Every Friday, The Metal Examiner delves metal’s endless depths to present the genre’s most important and exciting albums.
Click here to download Circle of Animals’ “Poison the Lamb”
Parker, in addition to his main gig in Minsk, has produced the likes of Pelican, Rwake, Unearthly Trance, Jai Alai Savant, Lair of the Minotaur, and Nachtmystium, and Lamont, outside of Yakuza, recently finished recording a solo album and regularly plays with other experimental metal and noise outfits (Decayist, Sick Gazelle) as well as improvised-jazz players (Jeff Parker, Ken Vandermark, Dave Rempis).
Each man’s résumé is a mile long, and now the two have come together to pay tribute to Chicago’s late-’80s and early-’90s Wax Trax! industrial scene with their new project, Circle of Animals. A diverse and widely recognizable cast of drummers rounds out the lineup on this release, with names like Dave Witte (Discordance Axis, Municipal Waste), John Herndon (Tortoise), John Merryman (Cephalic Carnage), and Steve Shelley (Sonic Youth) lending their talents.
The band’s press release specifically references the Chicago industrial scene, and one can pick out more than a bit of Ministry influence on this album. However, Godflesh, Swans, and neo-folk come off as bigger inspirations. This is not terribly surprising, as Parker has shown quite a bit of respect for the works of Justin Broadrick and Michael Gira in interviews.
The bigger surprise might be Lamont, whose main role, outside of general sonic direction, is as vocalist. Parker is responsible for most of the recorded instruments, including guitar, bass, synthesizer, and programming, but he also vocally backs Lamont throughout. (As a side note, Lamont’s sister Kelly provides an excellent vocal guest spot on “Poison the Lamb.”)
Historically, this brand of industrial music is based upon layering textures and rhythms into sonic paintings rather than creating hooks or riffs — a technique that can be very hit or miss. When it misses, it results in boring sonic experiments and sympathetic nods of “cool idea — never want to listen to that again.” Circle of Animals, however, has hit the mark, and Destroy the Light is exciting and engaging throughout. The soundscaping pushes visceral buttons that stimulate the subconscious. “No Faith,” for example, functions as an NON-esque burgeoning swell, sweeping the listener away in a wave of epic synths and chattering crowd noise.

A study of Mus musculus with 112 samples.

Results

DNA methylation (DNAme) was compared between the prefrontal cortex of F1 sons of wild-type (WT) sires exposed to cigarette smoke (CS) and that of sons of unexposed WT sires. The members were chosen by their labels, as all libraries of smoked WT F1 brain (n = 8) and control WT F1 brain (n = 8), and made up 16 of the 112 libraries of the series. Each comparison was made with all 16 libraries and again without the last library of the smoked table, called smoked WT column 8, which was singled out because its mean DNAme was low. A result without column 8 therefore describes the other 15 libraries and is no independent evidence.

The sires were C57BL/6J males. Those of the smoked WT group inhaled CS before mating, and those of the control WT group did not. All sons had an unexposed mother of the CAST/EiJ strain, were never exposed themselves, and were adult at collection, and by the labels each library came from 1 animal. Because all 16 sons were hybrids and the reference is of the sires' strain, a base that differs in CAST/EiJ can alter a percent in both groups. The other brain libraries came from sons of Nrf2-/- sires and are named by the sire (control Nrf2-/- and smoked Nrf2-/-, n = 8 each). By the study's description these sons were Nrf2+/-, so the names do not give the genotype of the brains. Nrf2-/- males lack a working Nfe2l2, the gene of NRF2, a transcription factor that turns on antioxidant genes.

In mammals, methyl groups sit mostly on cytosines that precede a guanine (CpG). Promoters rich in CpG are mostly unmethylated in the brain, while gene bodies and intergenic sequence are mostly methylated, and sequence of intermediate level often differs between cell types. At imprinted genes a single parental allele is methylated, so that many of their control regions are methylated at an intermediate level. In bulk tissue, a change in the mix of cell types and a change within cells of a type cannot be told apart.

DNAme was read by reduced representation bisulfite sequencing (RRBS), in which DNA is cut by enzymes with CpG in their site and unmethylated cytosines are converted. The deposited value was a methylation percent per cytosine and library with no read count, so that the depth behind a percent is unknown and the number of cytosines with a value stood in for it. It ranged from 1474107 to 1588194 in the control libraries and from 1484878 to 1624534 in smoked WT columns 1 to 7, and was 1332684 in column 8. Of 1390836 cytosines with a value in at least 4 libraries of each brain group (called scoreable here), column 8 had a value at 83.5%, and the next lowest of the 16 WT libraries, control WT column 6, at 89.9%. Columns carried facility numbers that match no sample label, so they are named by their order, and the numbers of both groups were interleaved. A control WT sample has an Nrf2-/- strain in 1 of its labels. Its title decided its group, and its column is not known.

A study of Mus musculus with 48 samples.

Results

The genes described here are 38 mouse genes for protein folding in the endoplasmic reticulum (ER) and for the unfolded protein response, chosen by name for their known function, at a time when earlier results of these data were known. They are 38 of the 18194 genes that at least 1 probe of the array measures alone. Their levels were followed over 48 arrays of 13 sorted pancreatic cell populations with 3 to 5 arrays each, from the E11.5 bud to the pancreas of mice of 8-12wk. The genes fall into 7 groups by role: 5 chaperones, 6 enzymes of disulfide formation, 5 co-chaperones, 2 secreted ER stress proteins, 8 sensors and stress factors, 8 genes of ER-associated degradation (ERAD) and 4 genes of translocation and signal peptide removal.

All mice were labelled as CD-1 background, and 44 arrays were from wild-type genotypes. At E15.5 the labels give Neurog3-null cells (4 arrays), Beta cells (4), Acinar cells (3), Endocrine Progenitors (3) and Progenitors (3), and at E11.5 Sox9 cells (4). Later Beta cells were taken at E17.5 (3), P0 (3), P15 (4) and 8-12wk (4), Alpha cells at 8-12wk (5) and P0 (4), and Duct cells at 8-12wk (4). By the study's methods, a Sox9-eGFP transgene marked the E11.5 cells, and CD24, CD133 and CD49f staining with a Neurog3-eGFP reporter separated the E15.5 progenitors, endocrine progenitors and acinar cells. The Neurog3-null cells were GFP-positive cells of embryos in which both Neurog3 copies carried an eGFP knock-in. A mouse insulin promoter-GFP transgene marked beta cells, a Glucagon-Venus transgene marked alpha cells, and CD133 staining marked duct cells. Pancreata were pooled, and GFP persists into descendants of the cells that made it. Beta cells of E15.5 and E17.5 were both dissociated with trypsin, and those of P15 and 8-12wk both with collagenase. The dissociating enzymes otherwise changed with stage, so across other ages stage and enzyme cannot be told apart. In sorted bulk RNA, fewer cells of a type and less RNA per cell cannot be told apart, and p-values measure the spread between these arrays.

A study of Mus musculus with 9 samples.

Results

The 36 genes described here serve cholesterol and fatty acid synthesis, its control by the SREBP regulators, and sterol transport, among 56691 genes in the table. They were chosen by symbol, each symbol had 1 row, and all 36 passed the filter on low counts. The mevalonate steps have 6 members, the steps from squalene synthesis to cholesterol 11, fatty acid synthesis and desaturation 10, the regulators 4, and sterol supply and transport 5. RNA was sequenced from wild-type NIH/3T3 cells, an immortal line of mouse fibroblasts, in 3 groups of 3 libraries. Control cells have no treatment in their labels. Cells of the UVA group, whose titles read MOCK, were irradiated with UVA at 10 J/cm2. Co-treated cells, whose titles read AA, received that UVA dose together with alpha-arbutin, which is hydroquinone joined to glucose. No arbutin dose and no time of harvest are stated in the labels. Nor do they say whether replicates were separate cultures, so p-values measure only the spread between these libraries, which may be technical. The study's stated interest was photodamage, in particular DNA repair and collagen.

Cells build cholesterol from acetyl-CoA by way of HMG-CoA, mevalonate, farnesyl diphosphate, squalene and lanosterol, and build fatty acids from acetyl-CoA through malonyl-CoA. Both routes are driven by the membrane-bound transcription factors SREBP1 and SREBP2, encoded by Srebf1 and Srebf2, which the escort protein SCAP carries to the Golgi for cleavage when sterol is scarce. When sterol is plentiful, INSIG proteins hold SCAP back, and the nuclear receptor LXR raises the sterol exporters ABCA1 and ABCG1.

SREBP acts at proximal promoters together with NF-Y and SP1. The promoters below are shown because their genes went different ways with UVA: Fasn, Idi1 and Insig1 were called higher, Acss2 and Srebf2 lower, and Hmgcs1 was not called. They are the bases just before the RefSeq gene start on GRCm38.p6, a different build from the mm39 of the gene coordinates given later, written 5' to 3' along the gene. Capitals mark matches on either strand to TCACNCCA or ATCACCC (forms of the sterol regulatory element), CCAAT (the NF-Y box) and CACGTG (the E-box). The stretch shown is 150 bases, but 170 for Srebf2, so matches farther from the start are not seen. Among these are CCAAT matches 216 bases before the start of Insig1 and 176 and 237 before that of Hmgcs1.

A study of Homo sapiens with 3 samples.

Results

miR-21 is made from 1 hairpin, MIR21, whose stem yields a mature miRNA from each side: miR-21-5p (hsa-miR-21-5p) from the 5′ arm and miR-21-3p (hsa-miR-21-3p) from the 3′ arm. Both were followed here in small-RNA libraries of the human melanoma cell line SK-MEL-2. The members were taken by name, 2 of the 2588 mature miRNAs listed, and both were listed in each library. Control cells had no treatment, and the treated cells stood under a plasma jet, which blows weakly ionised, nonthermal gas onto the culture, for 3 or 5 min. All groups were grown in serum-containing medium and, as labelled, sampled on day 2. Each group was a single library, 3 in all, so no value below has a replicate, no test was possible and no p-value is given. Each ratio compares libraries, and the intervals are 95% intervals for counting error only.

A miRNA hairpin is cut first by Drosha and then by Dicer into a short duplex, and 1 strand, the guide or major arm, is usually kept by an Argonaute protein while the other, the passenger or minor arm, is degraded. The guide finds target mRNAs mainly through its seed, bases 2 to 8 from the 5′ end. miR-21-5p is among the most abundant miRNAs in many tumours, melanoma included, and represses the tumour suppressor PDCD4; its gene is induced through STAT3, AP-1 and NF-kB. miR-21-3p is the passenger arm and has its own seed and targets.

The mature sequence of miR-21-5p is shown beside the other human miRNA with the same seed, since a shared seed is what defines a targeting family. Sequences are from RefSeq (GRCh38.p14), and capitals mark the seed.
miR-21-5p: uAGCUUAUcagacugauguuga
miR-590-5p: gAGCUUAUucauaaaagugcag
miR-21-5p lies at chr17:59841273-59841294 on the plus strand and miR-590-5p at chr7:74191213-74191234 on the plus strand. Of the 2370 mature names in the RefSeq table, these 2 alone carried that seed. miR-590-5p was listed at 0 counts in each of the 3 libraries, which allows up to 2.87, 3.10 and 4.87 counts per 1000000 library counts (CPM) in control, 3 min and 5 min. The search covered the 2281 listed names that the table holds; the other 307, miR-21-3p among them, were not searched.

An ominous sense of foreboding ties each of these tracks together. This is deeply uneasy music that captures a state of longing and dread. It has a consistent, pulsing rhythm, whether from breakneck tom triplets or unflinching, echoing snare hits. This is the perfect soundtrack for questioning whether or not a modern metropolis is the right place to live out the rest of your days.
The true test for this record will come in the coming months when its experimental tendencies are no longer a novelty. Will it stand out enough to bear repeat listens down the line? The depth of its immediate emotional impact, coupled with its rich atmosphere, seems like more than enough to relive its experiences. But only time will tell.